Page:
UX Design for Augmented Reality Bathroom Finder App

I noticed Luke Wroblewski shared a concept of how it could look to use an augmented reality app that helps users find a bathroom.

Augmented Reality view leading user to the nearest bathroom.

Having experience with needing to find a bathroom immediately, not a few times in my life, but as part of a chronic battle with Crohn’s Disease, I knew this type of app could be useful for millions of those who suffer from Inflammatory Bowel Disease all over the world.

Looking at Luke’s design, it was simple, nicely done, but I wanted to refine it a bit, and see if I could improve on his initial design. Here’s what I came up with.

Refined design for an augmented reality app that leads users to the nearest bathroom.

The first thing you may notice is the floating arrow at the top. I was a video game designer for over ten years working at companies such as Ritual Entertainment and LucasArts.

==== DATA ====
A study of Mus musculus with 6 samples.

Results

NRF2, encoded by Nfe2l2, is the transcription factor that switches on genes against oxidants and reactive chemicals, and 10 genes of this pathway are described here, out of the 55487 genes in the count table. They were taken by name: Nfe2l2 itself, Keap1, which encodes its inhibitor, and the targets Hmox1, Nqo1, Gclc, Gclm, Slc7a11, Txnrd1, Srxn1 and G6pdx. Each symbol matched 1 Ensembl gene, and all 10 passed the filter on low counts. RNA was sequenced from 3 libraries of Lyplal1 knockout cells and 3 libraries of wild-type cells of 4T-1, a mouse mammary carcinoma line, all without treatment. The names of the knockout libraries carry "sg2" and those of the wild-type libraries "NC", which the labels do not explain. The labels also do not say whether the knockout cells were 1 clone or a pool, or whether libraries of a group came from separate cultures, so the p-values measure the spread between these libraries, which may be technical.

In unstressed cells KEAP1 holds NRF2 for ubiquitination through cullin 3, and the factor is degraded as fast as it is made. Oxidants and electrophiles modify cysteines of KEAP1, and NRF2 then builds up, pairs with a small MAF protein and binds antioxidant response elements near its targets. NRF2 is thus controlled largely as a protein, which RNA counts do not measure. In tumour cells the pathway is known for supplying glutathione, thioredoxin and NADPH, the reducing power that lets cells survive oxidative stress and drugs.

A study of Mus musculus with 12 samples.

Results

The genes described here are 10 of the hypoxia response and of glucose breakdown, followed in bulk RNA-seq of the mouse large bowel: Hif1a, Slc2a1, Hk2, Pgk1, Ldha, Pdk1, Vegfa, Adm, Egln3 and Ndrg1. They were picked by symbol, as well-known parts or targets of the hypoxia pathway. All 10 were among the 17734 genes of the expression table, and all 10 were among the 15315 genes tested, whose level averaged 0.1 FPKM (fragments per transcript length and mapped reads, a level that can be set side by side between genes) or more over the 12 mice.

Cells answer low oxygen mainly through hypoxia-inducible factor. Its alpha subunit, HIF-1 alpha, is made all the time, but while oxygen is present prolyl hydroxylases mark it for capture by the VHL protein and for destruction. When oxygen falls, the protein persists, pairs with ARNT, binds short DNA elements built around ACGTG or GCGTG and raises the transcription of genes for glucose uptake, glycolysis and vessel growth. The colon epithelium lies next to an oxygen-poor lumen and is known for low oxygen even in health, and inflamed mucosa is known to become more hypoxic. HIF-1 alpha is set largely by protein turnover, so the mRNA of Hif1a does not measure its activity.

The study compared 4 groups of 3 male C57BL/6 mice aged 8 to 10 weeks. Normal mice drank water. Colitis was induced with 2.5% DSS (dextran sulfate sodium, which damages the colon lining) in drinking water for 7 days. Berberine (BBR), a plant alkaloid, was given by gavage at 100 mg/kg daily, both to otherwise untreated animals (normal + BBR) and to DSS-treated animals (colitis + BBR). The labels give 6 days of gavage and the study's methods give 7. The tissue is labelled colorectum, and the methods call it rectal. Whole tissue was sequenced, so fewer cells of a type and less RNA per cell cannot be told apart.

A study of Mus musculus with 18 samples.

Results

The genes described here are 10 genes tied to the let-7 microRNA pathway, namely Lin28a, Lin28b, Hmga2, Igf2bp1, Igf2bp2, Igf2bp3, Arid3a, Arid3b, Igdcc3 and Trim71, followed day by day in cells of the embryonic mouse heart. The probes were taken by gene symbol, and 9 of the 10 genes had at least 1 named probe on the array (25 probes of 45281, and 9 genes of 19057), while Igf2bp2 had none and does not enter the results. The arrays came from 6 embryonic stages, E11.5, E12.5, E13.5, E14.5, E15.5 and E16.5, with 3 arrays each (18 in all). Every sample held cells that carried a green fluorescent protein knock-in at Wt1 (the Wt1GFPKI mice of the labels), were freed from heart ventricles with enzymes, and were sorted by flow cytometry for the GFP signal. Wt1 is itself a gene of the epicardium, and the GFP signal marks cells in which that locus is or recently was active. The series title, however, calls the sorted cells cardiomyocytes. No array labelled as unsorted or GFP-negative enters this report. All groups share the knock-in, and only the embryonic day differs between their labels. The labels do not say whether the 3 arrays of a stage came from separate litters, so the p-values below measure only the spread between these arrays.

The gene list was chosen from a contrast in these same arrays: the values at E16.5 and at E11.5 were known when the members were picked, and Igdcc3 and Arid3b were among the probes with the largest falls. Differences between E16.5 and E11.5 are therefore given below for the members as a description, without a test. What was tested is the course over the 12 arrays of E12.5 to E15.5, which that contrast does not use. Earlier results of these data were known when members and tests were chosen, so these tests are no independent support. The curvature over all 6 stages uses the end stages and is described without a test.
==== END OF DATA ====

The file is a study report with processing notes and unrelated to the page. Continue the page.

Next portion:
Many video games have UI elements that point players towards the direction of their next objective. I did some quick searching in Google images and found a reference photo to use.

Top center of screenshot shows a floating arrow pointing player towards their current objective.

The issue I had with Luke’s initial design was that if users were not facing the path, they wouldn’t know which way to turn to find it.

If you are needing to find a bathroom immediately because of an illness, it’s incredibly stressful not knowing where one is. The Gotta Go app needs to be like a best friend, holding the user’s hand comfortably, and leading them towards the nearest bathroom quickly. The arrow at the top of the screen is that hand, saying, “I got you, and I’ll lead you to the bathroom.”

I also thought adding multiple options would be good, but limited to two. One is in red, meaning it is a more time consuming path, whether because of distance and/or traffic. The green path is ideal.

The green path has a texture applied to it that is animated moving towards the direction of the bathroom. This serves two purposes:

  1. To be more visually engaging for users
  2. To assist red/green colorblind users so they can see that texture differentiates the two paths.

I appreciate Luke for sharing his design ideas, and for you reading this. I’d enjoy hearing from you about your thoughts on the refinements.